Saturday, April 16, 2016

Rare case: Female Lesch Nyhan syndrome and the problem for aesthetic intervention



Should a plastic surgeon try aesthetic correction in Lesch Nyhan syndrome?


The young girl below attended one of our mission camps years ago. We had never see such a case before and did not know how to manage it. She had a history of self mutiliation and bizarre mental behaviour.  A red alert for the plastic surgeon in mission camps who may be tempted to surgically correct deformties in patients who self mutiliate.




*Medical explanation: Lesch Nyhan syndrome is a rare genetic disorder caused by a deficiency of the enzyme hypoxanthine-guanine phosphoribosyltransferase (HGPRT), produced by mutations in the HPRT gene located on the X chromosome. LNS affects about one in 380,000 live births.
The HGPRT deficiency causes a build-up of uric acid in all body fluids eading to gout.
 Neurological signs include poor muscle control and moderate intellectual disability. These complications usually appear in the first year of life. Beginning in the second year of life, a particularly striking feature of LNS is self-mutilating behaviors, characterized by lip and finger biting.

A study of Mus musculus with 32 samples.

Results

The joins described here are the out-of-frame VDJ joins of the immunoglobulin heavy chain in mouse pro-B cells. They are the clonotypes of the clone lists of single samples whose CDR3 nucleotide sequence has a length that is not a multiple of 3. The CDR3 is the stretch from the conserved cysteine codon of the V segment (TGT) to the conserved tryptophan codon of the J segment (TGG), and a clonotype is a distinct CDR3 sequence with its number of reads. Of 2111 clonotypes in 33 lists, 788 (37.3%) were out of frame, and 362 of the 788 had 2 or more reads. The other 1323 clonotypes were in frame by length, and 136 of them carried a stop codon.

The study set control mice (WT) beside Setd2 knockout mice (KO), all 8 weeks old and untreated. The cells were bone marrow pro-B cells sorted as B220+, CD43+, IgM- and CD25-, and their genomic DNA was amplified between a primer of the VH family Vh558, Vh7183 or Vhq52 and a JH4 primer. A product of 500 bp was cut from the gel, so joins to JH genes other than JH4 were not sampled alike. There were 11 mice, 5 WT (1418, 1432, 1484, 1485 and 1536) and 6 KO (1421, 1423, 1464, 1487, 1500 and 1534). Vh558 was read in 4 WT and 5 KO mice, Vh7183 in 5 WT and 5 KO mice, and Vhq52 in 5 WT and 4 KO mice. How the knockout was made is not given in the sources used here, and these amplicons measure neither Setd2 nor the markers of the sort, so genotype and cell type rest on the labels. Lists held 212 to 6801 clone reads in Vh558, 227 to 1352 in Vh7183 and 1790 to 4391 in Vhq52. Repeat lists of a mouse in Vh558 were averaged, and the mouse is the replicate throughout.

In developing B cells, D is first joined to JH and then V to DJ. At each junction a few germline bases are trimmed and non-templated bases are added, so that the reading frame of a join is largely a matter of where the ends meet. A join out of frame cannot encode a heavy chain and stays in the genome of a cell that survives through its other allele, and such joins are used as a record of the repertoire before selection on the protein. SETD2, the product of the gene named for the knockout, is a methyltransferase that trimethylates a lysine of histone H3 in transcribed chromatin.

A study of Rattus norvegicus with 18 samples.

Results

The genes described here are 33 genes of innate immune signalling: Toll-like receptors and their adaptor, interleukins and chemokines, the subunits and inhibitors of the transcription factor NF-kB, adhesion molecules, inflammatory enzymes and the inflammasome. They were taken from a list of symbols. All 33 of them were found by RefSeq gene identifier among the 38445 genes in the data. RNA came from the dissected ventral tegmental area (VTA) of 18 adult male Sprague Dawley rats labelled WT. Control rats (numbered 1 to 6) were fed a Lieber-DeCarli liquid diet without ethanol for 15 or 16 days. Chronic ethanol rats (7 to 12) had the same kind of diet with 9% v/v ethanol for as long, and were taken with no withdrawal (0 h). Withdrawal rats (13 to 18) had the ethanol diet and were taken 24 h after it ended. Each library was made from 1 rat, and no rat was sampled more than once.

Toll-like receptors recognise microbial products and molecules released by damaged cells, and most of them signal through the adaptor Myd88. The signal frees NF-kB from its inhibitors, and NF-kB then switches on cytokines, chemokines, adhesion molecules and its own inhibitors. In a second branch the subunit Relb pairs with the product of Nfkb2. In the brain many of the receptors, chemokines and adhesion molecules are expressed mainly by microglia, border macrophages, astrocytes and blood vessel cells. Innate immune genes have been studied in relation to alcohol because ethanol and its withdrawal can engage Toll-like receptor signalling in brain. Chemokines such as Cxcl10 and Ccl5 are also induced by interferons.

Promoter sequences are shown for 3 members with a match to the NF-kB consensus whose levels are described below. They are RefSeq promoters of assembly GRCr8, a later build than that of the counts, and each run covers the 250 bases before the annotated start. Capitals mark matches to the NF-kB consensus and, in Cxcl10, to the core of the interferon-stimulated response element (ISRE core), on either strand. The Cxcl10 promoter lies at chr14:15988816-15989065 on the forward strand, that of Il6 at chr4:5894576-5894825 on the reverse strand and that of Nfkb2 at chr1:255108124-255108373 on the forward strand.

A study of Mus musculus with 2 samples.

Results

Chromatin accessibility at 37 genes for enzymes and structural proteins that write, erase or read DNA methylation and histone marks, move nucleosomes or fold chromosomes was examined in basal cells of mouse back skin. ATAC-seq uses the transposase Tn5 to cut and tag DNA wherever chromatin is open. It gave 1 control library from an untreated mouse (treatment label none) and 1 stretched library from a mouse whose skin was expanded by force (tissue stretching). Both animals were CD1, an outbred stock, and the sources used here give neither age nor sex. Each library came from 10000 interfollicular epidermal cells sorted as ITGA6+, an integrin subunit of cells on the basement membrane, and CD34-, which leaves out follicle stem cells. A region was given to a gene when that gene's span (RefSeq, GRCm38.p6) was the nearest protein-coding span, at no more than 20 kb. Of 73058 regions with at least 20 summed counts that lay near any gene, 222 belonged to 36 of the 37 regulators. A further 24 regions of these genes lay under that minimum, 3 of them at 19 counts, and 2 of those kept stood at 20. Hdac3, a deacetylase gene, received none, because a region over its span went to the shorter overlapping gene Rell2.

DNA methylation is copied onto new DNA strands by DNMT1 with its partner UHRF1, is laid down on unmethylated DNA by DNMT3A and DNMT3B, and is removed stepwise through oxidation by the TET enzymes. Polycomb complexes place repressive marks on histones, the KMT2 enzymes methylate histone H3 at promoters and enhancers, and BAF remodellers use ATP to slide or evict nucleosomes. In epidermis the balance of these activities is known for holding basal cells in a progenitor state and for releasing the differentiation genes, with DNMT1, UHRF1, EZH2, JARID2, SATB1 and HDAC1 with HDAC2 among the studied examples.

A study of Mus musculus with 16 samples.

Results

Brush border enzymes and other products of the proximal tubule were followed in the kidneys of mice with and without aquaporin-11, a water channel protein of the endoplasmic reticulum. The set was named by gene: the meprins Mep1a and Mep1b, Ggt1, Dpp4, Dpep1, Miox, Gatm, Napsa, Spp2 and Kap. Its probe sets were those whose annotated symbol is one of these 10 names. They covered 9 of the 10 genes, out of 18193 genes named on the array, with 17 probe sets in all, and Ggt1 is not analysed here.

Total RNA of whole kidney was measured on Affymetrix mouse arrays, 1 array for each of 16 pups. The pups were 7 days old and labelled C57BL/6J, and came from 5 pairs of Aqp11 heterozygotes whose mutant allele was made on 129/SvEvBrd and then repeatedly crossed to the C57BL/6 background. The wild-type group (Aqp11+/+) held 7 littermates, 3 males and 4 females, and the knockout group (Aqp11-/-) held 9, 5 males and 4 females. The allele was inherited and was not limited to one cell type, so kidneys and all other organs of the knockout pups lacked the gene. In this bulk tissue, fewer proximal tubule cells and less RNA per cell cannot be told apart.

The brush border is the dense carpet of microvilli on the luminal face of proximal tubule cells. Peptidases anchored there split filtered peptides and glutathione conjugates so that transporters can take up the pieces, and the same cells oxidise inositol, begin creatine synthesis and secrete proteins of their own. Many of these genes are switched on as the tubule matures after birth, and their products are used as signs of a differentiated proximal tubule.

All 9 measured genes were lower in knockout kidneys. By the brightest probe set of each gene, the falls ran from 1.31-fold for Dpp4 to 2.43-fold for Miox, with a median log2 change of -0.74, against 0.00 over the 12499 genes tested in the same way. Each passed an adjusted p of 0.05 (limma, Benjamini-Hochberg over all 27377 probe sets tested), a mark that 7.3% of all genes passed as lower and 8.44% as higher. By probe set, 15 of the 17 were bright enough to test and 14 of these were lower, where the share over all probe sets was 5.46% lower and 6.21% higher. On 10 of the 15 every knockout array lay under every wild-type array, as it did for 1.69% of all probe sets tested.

The etiology of the neurological abnormalities remains unknown. Because a lack of HGPRT causes the body to poorly utilize vitamin B12, some boys may develop megaloblastic anemia.[4]
LNS is an X-linked recessive disease; the gene mutation is usually carried by the mother and passed on to her son. LNS is present at birth in baby boys. Most, but not all, persons with this deficiency have severe mental and physical problems throughout life. There are a few rare cases in the world of affected females.
The symptoms caused by the buildup of uric acid (gout and renal symptoms) respond well to treatment with drugs such as allopurinol that reduce the levels of uric acid in the blood. 
The mental deficits and self-mutilating behavior do not respond well to treatment.
Self-injury (including biting and head banging) is the most common and distinctive behavioral problem in individuals with Lesch-Nyhan syndrome.